The signs on the Interstate in downtown Detroit warn drivers to take the exit or you’ll end up in Canada. “Don’t go there,” they imply, “unless you are prepared to cross over.” The border separating the U.S. and Canada is a huge, but mostly benign presence in Detroit. Yet the metro area has many other dividing lines, less well marked than the international frontier, that play a more immediate, and often divisive role in people’s lives. These are the invisible lines that separate the region by race, class, and ethnicity.
Immigrants who settle in Detroit quickly learn to adapt to the local geography. If you’re from Bangladesh you’ll likely first put down roots in Hamtramck. Mexicans settle in Mexicantown and Springwells Village, Lebanese and Syrians gravitate to Dearborn. But when it comes to food, the lines begin to blur.
It is true that to taste some of the most delicious tacos you’ll ever eat you need to visit a handful of tiny restaurants and trucks in Mexicantown — and make sure to bring cash. But many of Detroit’s immigrant cooks and chefs are breaking down borders. Not only are they combining ingredients and flavors from around the world in new and inventive ways, they are also moving their restaurants and bakeries out of traditional ethnic enclaves and presenting their cuisine and their culture in other parts of a long segregated metro region.
Afzal Choudurhy took a chance five years ago and opened a Bangladeshi restaurant in a half-empty strip mall in suburban Warren, Michigan. Today Bismillah Kabob is the hub of the area’s growing Bengali community. It’s a community gathering place, and the restaurant has helped revive the local economy by attracting other Bangladeshi-owned businesses.
Guests who come to Norberto Garita’s restaurant El Barzon in Southwest Detroit can order from two parallel menus – one Italian, the other featuring dishes from Garita’s home state of Puebla, Mexico. Garita loves both cuisines and borrows ingredients and techniques from each to present truly borderless dishes like a pizza with mole sauce.
Six years after Detroit’s spiral into the largest municipal bankruptcy in United States history there’s lots of talk about the city’s rebirth (Better to not use the term renaissance, since the fortress-like Renaissance Center, built in 1977 never had the intended effect of restoring vitality to downtown ). One visible sign of the turn-around is the city’s flourishing restaurant scene. The proliferation of restaurants and chefs representing cuisines from around the world accompanies a wave of housing construction and commercial development designed to cater to Millennial urban dwellers.
While the gentrification of Detroit neighborhoods often reinforces the city’s stark economic and racial divisions, new restaurants seem to have the opposite effect. It sounds like a cliché, but food really does bring people together. Even so, the contributions of chefs, restaurant owners, farmers and food activists from immigrant backgrounds and communities of color are frequently overlooked. While some, including Norberto Garita and Genevieve Vang of Dearborn’s Bangkok 96 have won a degree of recognition, many others remain largely unknown. Our goal is to shed light on their stories.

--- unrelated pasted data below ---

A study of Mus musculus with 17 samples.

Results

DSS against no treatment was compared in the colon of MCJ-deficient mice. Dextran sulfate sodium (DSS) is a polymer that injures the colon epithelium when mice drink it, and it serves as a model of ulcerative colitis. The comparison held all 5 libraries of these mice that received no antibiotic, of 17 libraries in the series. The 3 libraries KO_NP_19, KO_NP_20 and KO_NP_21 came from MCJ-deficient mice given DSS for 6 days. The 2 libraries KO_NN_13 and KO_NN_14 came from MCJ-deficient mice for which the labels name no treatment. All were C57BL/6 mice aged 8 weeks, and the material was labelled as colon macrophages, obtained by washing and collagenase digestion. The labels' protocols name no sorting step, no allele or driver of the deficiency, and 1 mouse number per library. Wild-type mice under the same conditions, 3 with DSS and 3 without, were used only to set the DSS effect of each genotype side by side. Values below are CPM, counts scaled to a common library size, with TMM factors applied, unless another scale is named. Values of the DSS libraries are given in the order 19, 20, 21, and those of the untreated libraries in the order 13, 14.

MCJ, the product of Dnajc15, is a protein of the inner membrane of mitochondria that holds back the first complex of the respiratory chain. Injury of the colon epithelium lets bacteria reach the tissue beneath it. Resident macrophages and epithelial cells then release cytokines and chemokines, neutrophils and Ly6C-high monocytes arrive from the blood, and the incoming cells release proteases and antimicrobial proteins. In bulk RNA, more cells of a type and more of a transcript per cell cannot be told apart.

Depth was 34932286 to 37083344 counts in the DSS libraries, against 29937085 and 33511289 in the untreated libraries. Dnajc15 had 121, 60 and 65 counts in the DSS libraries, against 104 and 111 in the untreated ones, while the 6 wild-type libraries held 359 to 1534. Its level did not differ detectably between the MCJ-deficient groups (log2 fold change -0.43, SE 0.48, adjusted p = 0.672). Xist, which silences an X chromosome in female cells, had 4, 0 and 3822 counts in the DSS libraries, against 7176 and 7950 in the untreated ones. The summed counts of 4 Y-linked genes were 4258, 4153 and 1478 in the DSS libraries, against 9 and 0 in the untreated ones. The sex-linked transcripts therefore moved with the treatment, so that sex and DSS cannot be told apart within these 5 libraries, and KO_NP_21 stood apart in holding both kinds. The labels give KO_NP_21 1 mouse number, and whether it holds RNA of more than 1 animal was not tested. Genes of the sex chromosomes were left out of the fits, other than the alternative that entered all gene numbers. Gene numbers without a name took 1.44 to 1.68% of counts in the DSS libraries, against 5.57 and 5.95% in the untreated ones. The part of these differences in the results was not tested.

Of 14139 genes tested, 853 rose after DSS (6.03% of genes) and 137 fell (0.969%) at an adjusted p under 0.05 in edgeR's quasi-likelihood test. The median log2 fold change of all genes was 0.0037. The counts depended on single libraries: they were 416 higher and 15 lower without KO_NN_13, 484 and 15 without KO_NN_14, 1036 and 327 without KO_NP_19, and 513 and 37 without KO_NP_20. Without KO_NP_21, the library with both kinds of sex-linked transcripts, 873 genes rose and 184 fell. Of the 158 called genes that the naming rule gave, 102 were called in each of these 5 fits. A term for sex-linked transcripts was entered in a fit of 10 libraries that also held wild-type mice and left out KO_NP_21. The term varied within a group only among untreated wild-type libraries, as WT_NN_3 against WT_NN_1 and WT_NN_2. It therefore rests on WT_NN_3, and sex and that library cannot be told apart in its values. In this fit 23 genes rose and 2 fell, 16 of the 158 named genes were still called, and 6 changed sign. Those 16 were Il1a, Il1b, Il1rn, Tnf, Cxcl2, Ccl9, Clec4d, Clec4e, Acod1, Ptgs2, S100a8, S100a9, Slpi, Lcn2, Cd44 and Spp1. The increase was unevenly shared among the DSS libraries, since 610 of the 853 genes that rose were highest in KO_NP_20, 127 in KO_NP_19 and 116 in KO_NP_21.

In this issue of the Feet in 2 Worlds online magazine we introduce you to young entrepreneurs who are bringing fresh, healthy foods to black neighborhoods where fast food and packaged foods loaded with sugar have been the only options. You’ll meet a chef who is pioneering cannabis cuisine in Detroit, and Native Americans who celebrate wild rice and other traditions within the confines of Michigan’s largest city. And we’ll let you in on the secret history of Detroit-style pizza, brought to the region by Italian immigrants nearly a century ago, and recently reimagined and rebranded for today’s consumers beyond the Motor City.
We hope you enjoy Food, Borders and Belonging, inspired by the Feet in 2 World Food Journalism Fellowship at WDET. You can send us feedback @Fi2W, and if you like what you read please tell your friends – your support, moral and financial, makes it possible to create a platform for these stories while building the next generation of journalists from immigrant backgrounds and communities of color.
Special thanks to WDET and to Jason Agyekum for help with the Fi2W website.
John Rudolph – Executive Producer
Hali Bey Ramdene – Food Editor
Rob St. Mary – Managing Editor
Support for the fellowship comes from the John S. and James L. Knight Foundation, the Michigan Council of Arts and Cultural Affairs (MCACA) and through matching gifts from station donors, The International Association of Culinary Professionals’ foundation, The Culinary Trust, and its Growing Leaders Food Writing program. The Food Writing Program is funded with the support of the Boston Foundation.
Fi2W is supported by the David and Katherine Moore Family Foundation, the Ralph E. Odgen Foundation, The Ford Foundation, the John S. and James L. Knight Foundation, The J.M. Kaplan Fund, an anonymous donor and readers like you.